Assistant professor awarded German Academic Exchange Service Faculty Fellowship

Published: Apr 19, 2024 11:00 AM

By Joe McAdory

Santu Karmaker, assistant professor in computer science and software engineering (CSSE), received the German Academic Exchange Service (DAAD) Faculty Fellowship, “Research Stays for University Academics and Scientists,” where he will spend three months this summer exchanging ideas with peer faculty members and researchers at the Technical University Daormstadt.

Beginning May 15, Karmaker will build collaboration relationships, take a deeper dive into existing research of Document-Linking and Multi-Perspective Summarization and exchange his growing knowledge of natural language processing (NLP).

“We are extremely proud of Dr. Karmaker, the research he has done at Auburn and its recognition by DAAD, the German Academic Exchange Service. This fellowship will allow him to further his research, build new collaborations in Germany, and represent CSSE, Samuel Ginn College of Engineering and Auburn University on an international stage,” said Hari Narayanan, Department of Computer Science and Software Engineering chair.

DAAD Faculty Fellowship acceptance rates have fluctuated around 12% in recent years.  

Karmaker, a special guest on the popular computer science podcast “Agile Giants” earlier this winter, is eager to study with Professor Iryna Gurevych’s Ubiquitous Knowledge Processing Lab at the Technical University Daormstadt, one of Germany’s premier engineering-focused institutions.

“Germany is one of the pioneers in NLP and machine learning research and Dr. Gurevych is one of the most reputable scholars,” Karmaker said. “There, the research is going to be focused on how do you connect multiple documents coming from different sources? The question is if you have two documents, how can you connect them meaningfully and in what way? That's difficult to do with computers and still a open research problem, however, my previous research has made some progress as part of my multi perspective narrative understanding research.”

Karmaker was awarded a $542,485 grant in 2023 from the Air Force Office of Scientific Research for his study, “A Novel Human-AI Collaborative Framework for Multi-Perspective Narrative Analytics and Braiding at Scale.” He hopes to build upon the preliminary results of that study in Germany.

“One thing that I will be able to do there that I didn’t do here is I will examine multi-lingual problems using not only documents in English, but I will look at documents in multiple languages, especially German,” said Karmaker, recipient of the 2024 100+ Women Strong Leadership in Diversity Faculty Award. “I'll also be working with researchers who can validate our approach in multiple languages.”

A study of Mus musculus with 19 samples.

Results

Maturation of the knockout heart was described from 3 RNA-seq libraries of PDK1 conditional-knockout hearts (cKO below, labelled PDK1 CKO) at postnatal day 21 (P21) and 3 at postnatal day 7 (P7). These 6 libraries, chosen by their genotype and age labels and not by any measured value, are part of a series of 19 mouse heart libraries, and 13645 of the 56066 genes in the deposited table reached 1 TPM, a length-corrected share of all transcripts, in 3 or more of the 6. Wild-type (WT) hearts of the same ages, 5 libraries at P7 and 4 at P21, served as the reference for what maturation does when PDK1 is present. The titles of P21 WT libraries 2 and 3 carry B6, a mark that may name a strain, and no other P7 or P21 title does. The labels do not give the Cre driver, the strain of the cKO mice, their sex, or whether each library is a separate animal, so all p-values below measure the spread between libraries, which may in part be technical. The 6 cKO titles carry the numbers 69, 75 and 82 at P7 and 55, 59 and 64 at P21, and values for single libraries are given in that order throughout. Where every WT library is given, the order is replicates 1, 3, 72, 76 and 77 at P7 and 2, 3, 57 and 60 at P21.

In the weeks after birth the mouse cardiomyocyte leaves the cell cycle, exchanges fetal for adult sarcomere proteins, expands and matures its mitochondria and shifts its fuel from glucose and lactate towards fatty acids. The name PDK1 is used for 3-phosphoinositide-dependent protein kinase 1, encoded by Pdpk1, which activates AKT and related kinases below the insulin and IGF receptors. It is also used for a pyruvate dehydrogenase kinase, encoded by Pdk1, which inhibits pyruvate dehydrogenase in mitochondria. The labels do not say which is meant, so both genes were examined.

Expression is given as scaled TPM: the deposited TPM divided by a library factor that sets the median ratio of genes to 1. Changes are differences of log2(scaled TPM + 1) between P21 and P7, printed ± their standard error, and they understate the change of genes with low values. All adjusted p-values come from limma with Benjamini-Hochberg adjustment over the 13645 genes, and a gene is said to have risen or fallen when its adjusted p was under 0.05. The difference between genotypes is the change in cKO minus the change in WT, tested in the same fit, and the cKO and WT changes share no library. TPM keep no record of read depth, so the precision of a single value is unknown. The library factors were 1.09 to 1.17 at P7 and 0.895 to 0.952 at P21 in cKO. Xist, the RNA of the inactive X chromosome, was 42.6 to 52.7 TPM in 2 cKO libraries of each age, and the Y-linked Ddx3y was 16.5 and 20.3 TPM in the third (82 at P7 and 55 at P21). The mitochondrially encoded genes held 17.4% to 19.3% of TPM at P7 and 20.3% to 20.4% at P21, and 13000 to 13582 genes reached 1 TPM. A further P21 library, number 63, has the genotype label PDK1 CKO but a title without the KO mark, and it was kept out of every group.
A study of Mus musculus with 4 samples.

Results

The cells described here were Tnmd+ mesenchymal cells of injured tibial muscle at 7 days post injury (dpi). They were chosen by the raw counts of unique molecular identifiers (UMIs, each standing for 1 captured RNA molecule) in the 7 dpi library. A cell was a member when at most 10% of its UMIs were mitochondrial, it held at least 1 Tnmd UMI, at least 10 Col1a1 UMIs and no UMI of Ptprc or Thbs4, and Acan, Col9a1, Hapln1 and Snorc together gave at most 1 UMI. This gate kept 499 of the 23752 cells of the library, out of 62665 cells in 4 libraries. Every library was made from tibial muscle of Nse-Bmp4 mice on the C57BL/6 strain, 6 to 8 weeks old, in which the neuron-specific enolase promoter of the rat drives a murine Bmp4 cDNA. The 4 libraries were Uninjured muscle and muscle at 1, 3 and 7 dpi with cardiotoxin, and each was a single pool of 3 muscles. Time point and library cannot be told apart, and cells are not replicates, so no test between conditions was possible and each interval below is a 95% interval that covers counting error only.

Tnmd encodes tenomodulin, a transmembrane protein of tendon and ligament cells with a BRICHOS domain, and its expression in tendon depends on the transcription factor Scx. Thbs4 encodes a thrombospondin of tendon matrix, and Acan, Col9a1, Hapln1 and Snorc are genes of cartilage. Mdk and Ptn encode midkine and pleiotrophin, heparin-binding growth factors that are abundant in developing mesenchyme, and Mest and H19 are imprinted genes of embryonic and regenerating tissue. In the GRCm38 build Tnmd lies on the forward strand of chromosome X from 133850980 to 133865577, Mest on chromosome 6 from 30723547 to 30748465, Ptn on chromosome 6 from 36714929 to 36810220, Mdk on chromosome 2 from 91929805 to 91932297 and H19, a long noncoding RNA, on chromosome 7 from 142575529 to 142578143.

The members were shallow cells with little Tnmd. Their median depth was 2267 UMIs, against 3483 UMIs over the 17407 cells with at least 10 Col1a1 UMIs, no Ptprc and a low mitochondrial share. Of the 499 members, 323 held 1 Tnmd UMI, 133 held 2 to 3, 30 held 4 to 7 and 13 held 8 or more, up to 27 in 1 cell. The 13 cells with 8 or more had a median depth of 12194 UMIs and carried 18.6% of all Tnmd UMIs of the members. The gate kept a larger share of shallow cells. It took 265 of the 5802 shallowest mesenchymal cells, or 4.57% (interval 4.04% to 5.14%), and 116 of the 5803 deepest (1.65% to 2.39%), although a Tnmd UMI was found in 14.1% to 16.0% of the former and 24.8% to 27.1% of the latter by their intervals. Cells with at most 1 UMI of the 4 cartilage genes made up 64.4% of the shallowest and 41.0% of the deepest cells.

Karmaker noted his trip to Germany wasn’t just about research.

“It's also about making connections among researchers,” he said. “We know that if you are going to work on a completely new research problem, three months is not enough time to establish precisely what you want to work on. However, three months is enough time to foster collaboration for ambitious future research projects in the long term and make some progress on existing ones.”

He plans to visit nearby German universities, offer presentations and continue to make connections within the academic community.

Karmaker, who joined Auburn Engineering’s faculty in 2020, noted that his doctoral work — data mining and information retrieval — was no longer his major focus after he joined Auburn and started working independently.

Rather, NLP caught his attention.

“Nobody knew me in that arena,” he said. “My first year on faculty, I continued to learn all I could about NLP and by 2021 I taught my students how to do it. By 2022, we got some high-quality research publications that made some and got some attention.”

Last year, his Air Force grant — coupled with a $700,000 National Science Foundation grant for “An Intelligent Assistant to Support Teachers and Students in Simulation-Based Science Learning” — earned a combined $1.25 million in research funding in one semester.

“This has been my four-year NLP journey,” he said. “But I wanted to take it further across U.S. and in international settings, making connections, making more people aware of this research and increasing Auburn’s reputation and footprint.”

Beginning this May, he has an opportunity.

Media Contact: Joe McAdory,, 334.844.3447
Santu Karmaker will spend three months with peer researchers at the Technical University Daormstadt.

Santu Karmaker will spend three months with peer researchers at the Technical University Daormstadt.